The Danger of Free Radicals continued...
When a cell's DNA changes, the cell becomes mutated. It grows abnormally and reproduces abnormally -- and quickly.
Normal cell functions produce a small percentage of free radicals, much like a car engine that emits fumes. But those free radicals are generally not a big problem. They are kept under control by antioxidants that the body produces naturally, Blumberg explains.
External toxins, especially cigarette smoke and air pollution, are "free radical generators," he says. "Cigarette smoke is a huge source of free radicals." In fact, our food and water also harbor free radicals in the form of pesticides and other toxins. Drinking excessive amounts of alcohol also triggers substantial free radical production.
Free radicals trigger a damaging chain reaction, and that's the crux of the problem. "Free radicals are dangerous because they don't just damage one molecule," Blumberg explains. "One free radical can set off a whole chain reaction. When a free radical oxidizes a fatty acid, it changes that fatty acid into a free radical, which then damages another fatty acid. It's a very rapid chain reaction."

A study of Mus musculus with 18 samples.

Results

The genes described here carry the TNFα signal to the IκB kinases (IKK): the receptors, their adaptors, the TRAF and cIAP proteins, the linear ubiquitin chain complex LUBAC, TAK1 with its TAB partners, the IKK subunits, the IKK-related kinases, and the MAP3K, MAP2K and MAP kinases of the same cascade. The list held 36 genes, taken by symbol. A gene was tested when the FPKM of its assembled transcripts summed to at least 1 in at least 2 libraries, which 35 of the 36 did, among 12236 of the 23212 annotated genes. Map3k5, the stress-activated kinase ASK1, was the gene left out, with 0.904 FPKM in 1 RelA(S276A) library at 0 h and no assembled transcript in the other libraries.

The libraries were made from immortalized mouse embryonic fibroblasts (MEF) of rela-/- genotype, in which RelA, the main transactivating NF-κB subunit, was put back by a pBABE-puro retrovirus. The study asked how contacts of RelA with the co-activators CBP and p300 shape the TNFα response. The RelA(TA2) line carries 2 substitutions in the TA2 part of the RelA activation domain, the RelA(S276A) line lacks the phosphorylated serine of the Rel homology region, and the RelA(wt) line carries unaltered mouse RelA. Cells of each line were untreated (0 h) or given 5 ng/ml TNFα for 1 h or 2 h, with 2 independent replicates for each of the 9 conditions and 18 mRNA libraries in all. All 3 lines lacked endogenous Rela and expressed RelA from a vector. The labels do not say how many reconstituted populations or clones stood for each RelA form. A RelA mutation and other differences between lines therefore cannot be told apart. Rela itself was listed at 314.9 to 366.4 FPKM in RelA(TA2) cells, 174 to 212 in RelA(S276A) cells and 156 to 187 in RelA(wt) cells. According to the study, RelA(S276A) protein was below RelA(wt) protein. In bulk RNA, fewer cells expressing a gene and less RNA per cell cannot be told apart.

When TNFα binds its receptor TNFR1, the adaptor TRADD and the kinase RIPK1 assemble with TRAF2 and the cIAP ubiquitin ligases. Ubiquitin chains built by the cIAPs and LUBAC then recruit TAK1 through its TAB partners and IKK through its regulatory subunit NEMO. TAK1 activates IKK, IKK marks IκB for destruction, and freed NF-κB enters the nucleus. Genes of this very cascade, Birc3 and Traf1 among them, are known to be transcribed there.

These external attacks can overwhelm the body's natural free-radical defense system. In time, and with repeated free radical attacks that the body cannot stop, that damage can lead to a host of chronic diseases, including cancer, heart disease, Alzheimer's disease, and Parkinson's disease.
Oxidative damage in skin cells is caused by cumulative sunlight. But if free radicals are in an internal organ - for example, if asbestos is in your lungs -- it stimulates free radical reactions in lung tissue. "Cigarette smoke has active free radical generators," says Blumberg. That's why stopping smoking is the biggest step anyone can take to preserving their health.